All through my own childhood, the old house down in Paine Hollow that had once been home to my great grandaunt Eva (and her father before her) was chock full of things that had belonged to Eva, things that had been cherished by her. My grandfather inherited the house, and my father, in turn, acquired the house from his father.
The men in my family revered their Eva, and did not change much in the house. Belongings that had been there for many decades remained stored in the attic, and in some cases, in their original locations. Eva had kept the things that mattered to her right out in the open, and one of those things was her very ornate wedding certificate. Even by the time my generation came along, it still hung on the wall in the living room, right over her mahogany pump organ. I was fascinated by the details of the etched certificate. . . the photographs of the bride and groom and the officiating minister. Over the head of the groom, the words were plainly read: It is not good that the man should be alone. Gen. 2:18. And over Eva’s photograph were the words: I will make him an help meet for him. Gen. 2:18. I complained to my mother that the grammar did not make sense to me, and she said it was copied from the old Bible. And there at the bottom of the certificate at the trunk of a sturdy tree was an open Bible resting upon a stand.
The marriage certificate always drew me in with many intricately depicted symbols, and every time I looked at it I saw something new. Tiny details that held me: the two joined hands between the photographs of the bride and groom, the heart-embellished wedding ring below them, a rising sun above the joined hands, and above the sun, a fountain where two doves drank water together. At the top, I studied the details of a romanticized etching which depicted a Victorian couple setting off on a voyage in a fragile but charming wedding vessel , the church that had granted approval and permission left behind on the shore. I took that into my young psyche as the metaphor for marriage as a good Cape Codder would; the couple was setting off on a long sail, as opposed to a long trail.
The tree that firmly holds the photographs in its branches, husband on the left, wife on the right, implies an expected family. Here is the immature family tree upon which the children will hopefully be added to the many boughs and limbs. And on the tree trunk, the minister, the Reverend Moss, has ensured that the marriage is indeed an actuality.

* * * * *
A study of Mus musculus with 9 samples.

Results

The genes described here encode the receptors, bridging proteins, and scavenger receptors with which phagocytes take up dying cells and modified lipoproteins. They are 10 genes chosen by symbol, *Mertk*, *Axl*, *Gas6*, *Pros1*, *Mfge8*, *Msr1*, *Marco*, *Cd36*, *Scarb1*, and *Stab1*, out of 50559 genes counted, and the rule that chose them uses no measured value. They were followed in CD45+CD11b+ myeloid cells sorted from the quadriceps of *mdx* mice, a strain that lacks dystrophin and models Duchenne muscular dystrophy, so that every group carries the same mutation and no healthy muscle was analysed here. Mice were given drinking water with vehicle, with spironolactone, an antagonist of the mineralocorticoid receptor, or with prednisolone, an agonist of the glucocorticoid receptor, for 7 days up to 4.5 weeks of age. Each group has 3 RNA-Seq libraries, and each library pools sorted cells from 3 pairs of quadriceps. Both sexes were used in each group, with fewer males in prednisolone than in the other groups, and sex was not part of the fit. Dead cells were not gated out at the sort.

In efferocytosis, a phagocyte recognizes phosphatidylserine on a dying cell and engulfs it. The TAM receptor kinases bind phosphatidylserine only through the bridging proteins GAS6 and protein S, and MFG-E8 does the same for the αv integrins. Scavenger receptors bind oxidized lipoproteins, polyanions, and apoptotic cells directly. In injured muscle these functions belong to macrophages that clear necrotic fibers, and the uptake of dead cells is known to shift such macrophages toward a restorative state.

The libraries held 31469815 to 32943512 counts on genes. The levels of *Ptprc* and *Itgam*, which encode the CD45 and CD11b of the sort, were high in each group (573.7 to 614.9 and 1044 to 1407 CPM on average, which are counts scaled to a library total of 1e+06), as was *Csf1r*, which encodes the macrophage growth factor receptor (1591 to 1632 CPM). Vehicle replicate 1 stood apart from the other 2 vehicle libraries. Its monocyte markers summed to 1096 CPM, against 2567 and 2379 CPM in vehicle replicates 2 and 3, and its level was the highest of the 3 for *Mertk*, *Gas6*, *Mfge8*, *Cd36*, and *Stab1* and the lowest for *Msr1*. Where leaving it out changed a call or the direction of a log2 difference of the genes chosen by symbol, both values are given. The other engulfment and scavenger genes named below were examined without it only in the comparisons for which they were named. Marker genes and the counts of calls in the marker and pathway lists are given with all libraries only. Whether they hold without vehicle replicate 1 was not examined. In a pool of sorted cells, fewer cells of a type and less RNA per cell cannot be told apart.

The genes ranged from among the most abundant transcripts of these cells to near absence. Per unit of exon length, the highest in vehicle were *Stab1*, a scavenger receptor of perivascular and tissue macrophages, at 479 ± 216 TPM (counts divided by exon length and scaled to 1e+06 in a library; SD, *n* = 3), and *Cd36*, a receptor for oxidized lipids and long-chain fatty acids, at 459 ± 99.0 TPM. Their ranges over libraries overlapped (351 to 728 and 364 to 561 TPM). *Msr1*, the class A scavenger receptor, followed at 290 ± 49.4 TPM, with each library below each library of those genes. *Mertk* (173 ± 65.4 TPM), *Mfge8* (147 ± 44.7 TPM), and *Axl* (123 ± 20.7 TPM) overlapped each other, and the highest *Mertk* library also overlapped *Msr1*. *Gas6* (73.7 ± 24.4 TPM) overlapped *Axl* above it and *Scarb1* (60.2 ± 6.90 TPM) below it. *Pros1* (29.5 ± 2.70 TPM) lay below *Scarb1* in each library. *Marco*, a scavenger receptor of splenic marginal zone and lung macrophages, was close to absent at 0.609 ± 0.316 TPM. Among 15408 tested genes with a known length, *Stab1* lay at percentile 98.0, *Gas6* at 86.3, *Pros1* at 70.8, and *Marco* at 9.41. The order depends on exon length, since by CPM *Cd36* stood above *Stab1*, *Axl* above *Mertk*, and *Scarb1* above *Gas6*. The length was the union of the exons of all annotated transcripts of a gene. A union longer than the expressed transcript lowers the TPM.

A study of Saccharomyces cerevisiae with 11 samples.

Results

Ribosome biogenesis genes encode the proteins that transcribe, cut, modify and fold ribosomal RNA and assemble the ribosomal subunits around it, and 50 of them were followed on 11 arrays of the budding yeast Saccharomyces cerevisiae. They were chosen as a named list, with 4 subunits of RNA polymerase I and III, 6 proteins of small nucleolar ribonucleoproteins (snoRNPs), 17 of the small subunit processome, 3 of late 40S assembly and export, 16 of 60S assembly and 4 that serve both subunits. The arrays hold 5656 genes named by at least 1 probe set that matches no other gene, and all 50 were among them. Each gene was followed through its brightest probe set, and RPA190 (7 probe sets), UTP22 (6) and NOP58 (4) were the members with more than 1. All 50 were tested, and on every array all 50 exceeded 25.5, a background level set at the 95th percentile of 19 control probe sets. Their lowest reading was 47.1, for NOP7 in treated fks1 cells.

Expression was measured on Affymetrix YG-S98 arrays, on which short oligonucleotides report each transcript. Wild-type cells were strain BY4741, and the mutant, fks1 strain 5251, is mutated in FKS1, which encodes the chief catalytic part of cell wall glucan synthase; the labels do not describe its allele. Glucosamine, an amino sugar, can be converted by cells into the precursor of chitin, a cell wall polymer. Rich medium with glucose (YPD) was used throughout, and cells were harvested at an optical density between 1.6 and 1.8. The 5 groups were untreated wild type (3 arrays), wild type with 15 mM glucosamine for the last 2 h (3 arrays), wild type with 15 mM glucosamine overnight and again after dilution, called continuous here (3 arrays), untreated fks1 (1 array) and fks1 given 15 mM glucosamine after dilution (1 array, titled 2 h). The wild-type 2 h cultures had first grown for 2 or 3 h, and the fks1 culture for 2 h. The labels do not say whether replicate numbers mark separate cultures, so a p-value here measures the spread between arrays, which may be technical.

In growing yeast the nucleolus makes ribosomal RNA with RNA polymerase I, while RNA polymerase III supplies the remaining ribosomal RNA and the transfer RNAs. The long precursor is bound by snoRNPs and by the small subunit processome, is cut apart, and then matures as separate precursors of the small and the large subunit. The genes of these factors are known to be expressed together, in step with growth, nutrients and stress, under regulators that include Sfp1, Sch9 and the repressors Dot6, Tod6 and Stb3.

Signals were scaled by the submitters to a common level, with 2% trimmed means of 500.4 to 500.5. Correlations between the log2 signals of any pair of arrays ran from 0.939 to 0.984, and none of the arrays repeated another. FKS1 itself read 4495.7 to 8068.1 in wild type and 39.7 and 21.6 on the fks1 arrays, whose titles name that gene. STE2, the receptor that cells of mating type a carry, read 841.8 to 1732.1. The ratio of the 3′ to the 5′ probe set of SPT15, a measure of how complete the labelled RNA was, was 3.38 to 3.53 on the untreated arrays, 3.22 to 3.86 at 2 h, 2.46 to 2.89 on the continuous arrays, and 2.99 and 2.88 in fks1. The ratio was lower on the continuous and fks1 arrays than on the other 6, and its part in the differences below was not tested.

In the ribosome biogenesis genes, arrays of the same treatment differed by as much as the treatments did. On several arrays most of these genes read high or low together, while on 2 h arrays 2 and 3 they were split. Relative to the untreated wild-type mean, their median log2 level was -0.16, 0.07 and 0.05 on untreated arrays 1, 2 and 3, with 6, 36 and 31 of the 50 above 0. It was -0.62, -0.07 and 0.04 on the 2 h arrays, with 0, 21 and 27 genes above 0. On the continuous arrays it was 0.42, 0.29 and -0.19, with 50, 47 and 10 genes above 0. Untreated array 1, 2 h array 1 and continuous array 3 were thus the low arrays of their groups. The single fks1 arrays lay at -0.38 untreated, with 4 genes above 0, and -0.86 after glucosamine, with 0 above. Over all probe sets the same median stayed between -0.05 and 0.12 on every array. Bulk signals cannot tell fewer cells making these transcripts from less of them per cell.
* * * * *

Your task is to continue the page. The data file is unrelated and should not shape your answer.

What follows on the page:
The ink detailing the names and dates was already very faded from the time I could read, and the intricate penmanship difficult to read, but my father filled in the gaps for me: Captain Henry P. Smith was the groom; Eva W. Paine, the bride. They had been married on May 14, the same date in May my father and mother had their last child, their seventh. She is named after Eva because of this date; her name is Evelyn Louise Paine. The written year of Eva and Henry’s marriage I understood to be Eighteen Hundred and Eighty Six. At the bottom of the certificate, which measures 16 x 20, is a tiny engraved note: Copyright 1882, by H.M. Crider, York, Pa
The marriage certificate was just one of the powerful forces that drew me along as I wrote the book about Eva and Henry’s marriage. It is next to me now, and it can immediately cause me to think thoughts that bring me so close to Eva, who died an old woman twenty years before I was born. I have looked at the certificate, true, many times. But how many more times did Eva look at it as it hung on her walls, her eyes seeing what I see now—the ink fresh, the photographs un-faded? How amazing that she would have a nephew who would have a son who would have a daughter who would want to excavate an ill-fated marriage that occurred more than a century ago. But then, that was the whole question for me. . . how could a woman resolve the trauma she endured and go on to live a giving and satisfied life? As I searched out the facts of what indeed did happen to Eva, I believe that she was with me, guiding me along the way and showing me the answers- which have helped me immensely to triumph over the pain in my own life.
Two interesting notes on the marriage certificate: I began to write the book with the initial assumption that Eva and Henry were married in 1886. A restoring process showed that the handwritten date, very ornate in it’s flourishes, was actually May 14, 1885. The book is fiction, of course, and I chose to leave the mistake. And so, dear reader, as you read the book, there is a very large actual occurrence that happened soon after Eva and Henry’s wedding. You now know that the event happened not just one week after the wedding, but a week and a year after the wedding. It was part of the writing process to make a decision here, and I decided to go with my original assumption. Even now, after the book is finished, it is not finished. I continue to receive information and historical perspective as if Eva insists that I do not now forget her life.
The other interesting note, discovered during my trips to the Wellfleet town hall in an attempt to verify facts and conduct historical research: South Wellfleet and Wellfleet were two distinct villages back in the day, and even though the Town Fathers (selectmen) of Wellfleet, as elected by the (male) voters of the town were in charge of South Wellfleet and the citzens there, for some unknown reason, the marriage of Eva Weston Paine and Henry P. Smith was not recorded in the Wellfleet town records. I would never have known about their marriage had it not been for the large, wonderful and full-of-mystery marriage certificate that hung framed on the walls of the old house in Paine Hollow.